Updated 2pm, Monday, Aug. 17
Vineyarders are proud of their Island, and take pride in its natural beauty. Fishermen in particular treasure the fact that our waters are generally clean, and that we are still able to harvest shellfish from our ponds and fish from the surrounding waters.
Martha’s Vineyard seasonal and year-round residents spend a lot of time working to protect the Island. We have well-funded organizations that are devoted to the environment, and volunteers who can be counted on to help when needed for projects that include beach cleanups.
Glossy magazines and special publications tout the specialness of it all. They feature photos of yeomen Islanders in fields of kale, fishermen holding bushels of oysters, and beach vistas where only beach plums are visible.
How about a photo of a fiberglass boat on a trailer missing its wheels resting on a beach? Or an overturned boat, gas tanks found floating in the water, piled on top of the hull? Concrete blocks dumped in the water in place of town-approved moorings?
None of that rates very high on the “aren’t we special” meter.
I suppose Islanders may not be responsible. But I would sooner believe in crop circles. It is unlikely that seasonal residents and vacationeers cart derelict boats to the Vineyard to dispose of junk at out-of-the-way locations.
So the question is, why would Islanders foul their own nest? Why would Islanders dump boats, trailers, gas tanks, and various other pieces of marine junk on the shoreline, where they have precious access to one of the Island’s salt ponds?
Is it the sense of entitlement that periodically creeps into arguments? “I’m an Islander” is the refrain. I have heard it in arguments over fishing spots. My daughter, who by the way was born here, heard it when some pouty Islander was challenged after she cut into line at Back Door Donuts.
This week the problem of Islanders dumping boating junk, generally being inconsiderate of their neighbors, and ignoring the rules came to a head at a remote spot off the Boulevard in the Ocean Heights section of Edgartown. The sandy beach is one of those neighborhood treasures.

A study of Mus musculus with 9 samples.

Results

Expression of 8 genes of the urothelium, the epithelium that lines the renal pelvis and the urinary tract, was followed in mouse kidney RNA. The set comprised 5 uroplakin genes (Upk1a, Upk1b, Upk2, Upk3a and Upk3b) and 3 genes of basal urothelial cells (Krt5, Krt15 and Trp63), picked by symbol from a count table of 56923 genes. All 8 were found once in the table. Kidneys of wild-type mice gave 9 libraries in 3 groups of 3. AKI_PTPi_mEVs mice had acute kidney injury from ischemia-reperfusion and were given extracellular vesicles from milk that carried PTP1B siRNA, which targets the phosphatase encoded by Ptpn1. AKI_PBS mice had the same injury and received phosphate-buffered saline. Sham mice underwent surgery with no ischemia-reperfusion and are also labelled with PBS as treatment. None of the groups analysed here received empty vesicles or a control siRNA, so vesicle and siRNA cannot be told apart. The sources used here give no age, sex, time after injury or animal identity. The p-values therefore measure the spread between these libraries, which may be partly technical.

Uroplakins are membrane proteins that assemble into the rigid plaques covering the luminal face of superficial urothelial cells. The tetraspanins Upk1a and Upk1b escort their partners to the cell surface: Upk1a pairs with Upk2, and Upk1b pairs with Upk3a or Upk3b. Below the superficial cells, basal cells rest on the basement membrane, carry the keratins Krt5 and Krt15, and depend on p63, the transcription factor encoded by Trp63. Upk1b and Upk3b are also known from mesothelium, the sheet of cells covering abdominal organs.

Ned Casey, who lives nearby, told me Mansfield Grant donated it to the town to provide access for commercial fishermen, who continue to use it. Area residents also use it to swim and launch kayaks and small boats. But the neighbors have fought an uphill battle to police the area.
Ned and another neighbor, Dean Grant, are fed up, and have pressed for action. The kicker was a trailer missing a tire dragged to the beach. The boat was launched, and the trailer pushed up into the reeds. The town is now pushing back.
On Monday, Edgartown harbormaster Charlie Blair met Environmental Police Sergeant Patrick Moran at the landing to discuss the problem, and ask for his assistance in going after the owners of derelict boats. Charlie also sought the support of Edgartown selectmen. He said he is also fed up, he said, with people who have no respect for the town, the rules, or their community.
Monday night, selectmen signed two letters dated Aug. 10. One was addressed to Clinton Fisher. It ordered him “to remove his vessel and trailer from the town landing located at Sengekontacket Pond.” The letter also noted he has no mooring permit for the area, and there is no record his vessel is registered.
Selectmen also sent a letter to David Viera, ordering him to remove his vessel and trailer. “Your sunken vessel is moored to someone else’s mooring,” the letter said. “The harbormaster’s office has no record of you obtaining any mooring permits for this area. None of your vessels are registered in the commonwealth, and all are subject to vessel excise tax.”
Dean said it has been a frustrating experience. He is cautiously hopeful that the beach is going to get cleaned up.
I suppose the real test will be when a photo appears in a glossy magazine.
Correction: An earlier version of this column incorrectly identified Ralph Grant as the donor of the land used for a boat landing. The donor was his brother, Mansfield Grant.